Magnificent 77 to the rescue!

Group of people standing outdoors for photo (Courtesy of Launch)
(Courtesy photo)

Can 77 science-based business ventures save the world?

That’s the number of businesses that an organization called Launch helped to do just that. They’ve all developed products or services to address global problems, such as climate change, water shortages or inadequate access to health care. Launch helps bring their ideas to market and increase the scale of their solutions.

Woman and man talking in laboratory (Courtesy of Launch)
Lisa Dyson and John Reed, founders of Kiverdi, which recycles carbon dioxide to make consumer products. (Courtesy photo)

Network solutions

Launch was started in 2010 by innovators Todd Khozein and Jeff Hamaoui, with support from Nike, NASA, the U.S. Agency for International Development and the U.S. Department of State. Part crowdsourced endeavor, part tech mentorship and part business accelerator, Launch comes up with challenges for innovative people to tackle. Recent ones relate to the “circular,” or no-waste, economy; healthy foods; and new ways of producing chemicals.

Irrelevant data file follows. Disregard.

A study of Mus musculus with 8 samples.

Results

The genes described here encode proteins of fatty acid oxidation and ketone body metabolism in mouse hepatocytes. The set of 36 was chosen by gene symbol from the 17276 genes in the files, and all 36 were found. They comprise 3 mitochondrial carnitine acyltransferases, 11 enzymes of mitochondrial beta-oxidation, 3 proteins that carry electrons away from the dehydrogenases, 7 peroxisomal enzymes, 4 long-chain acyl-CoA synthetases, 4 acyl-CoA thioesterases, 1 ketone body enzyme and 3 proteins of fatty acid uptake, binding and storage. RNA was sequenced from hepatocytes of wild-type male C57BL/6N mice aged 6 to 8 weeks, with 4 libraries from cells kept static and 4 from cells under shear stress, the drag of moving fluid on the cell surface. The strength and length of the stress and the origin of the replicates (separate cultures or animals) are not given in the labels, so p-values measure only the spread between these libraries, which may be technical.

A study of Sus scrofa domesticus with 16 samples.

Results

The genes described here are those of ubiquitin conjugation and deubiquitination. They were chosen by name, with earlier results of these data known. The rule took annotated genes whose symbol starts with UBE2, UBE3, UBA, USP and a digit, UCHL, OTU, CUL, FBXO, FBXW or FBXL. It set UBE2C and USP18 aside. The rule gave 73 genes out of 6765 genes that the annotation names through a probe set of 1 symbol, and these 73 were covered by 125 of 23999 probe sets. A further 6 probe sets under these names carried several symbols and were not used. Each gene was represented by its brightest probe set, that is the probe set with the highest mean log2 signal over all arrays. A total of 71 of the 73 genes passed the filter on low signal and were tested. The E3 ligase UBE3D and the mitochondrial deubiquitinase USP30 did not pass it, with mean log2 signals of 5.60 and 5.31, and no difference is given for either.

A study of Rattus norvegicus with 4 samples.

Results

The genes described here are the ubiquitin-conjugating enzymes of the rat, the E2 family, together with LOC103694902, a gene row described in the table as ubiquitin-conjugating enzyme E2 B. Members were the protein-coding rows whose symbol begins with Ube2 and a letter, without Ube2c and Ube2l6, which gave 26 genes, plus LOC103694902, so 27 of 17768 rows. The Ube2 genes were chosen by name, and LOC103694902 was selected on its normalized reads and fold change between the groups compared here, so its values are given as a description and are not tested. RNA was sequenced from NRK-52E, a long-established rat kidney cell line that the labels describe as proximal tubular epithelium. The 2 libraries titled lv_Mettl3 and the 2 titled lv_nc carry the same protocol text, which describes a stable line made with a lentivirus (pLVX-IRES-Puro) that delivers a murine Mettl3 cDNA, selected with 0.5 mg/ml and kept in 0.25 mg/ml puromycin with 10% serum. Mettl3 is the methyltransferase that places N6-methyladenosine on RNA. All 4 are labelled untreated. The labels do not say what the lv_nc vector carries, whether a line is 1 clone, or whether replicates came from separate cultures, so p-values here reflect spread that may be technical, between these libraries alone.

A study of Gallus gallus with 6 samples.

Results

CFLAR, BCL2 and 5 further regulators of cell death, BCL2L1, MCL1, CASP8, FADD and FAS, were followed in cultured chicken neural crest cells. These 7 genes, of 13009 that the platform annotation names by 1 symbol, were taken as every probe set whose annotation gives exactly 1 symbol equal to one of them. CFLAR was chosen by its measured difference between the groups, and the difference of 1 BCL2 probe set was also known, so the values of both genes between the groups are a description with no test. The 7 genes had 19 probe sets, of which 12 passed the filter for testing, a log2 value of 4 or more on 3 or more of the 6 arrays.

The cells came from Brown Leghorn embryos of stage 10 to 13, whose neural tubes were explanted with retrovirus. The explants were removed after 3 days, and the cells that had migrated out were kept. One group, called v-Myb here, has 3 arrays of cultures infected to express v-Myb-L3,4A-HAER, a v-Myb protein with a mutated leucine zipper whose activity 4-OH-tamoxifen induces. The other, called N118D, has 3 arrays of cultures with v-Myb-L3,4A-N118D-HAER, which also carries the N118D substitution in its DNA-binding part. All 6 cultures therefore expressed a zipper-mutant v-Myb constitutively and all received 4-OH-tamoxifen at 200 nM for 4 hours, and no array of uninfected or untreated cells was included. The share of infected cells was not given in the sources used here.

Finalists benefit from a network of bright minds from government, business, academia and civil society who help them secure investment capital and market their product while increasing its social or environmental benefit.

People sitting around round table (Courtesy of Launch)
Round-table discussions with private-sector and government leaders are part of the Launch process. (Courtesy photo)

Winning ideas have brought the world portable microbial water-testing products and a new process for manufacturing bioplastics, as well as inhaler sensors that help to better treat respiratory diseases like asthma.

Launch-supported inventions provide clean water to 4.5 million people and access to health care to 100,000 — and save 5 million liters of water.

Launch’s network-centered approach produces unusual collaboration and partnership opportunities for participants, according to Hamaoui.

Three people looking at laptop (Courtesy of Launch)
Three Launch innovators — Amit Paul, left, Florence Kamaitha and Shane Allen — talk via livestream with astronaut Catherine Coleman about materials innovation. (Courtesy photo)

“To look beyond borders and co-innovate with unconventional partners is key,” said Catherine Coleman, a U.S. astronaut, who represented NASA for the Launch program.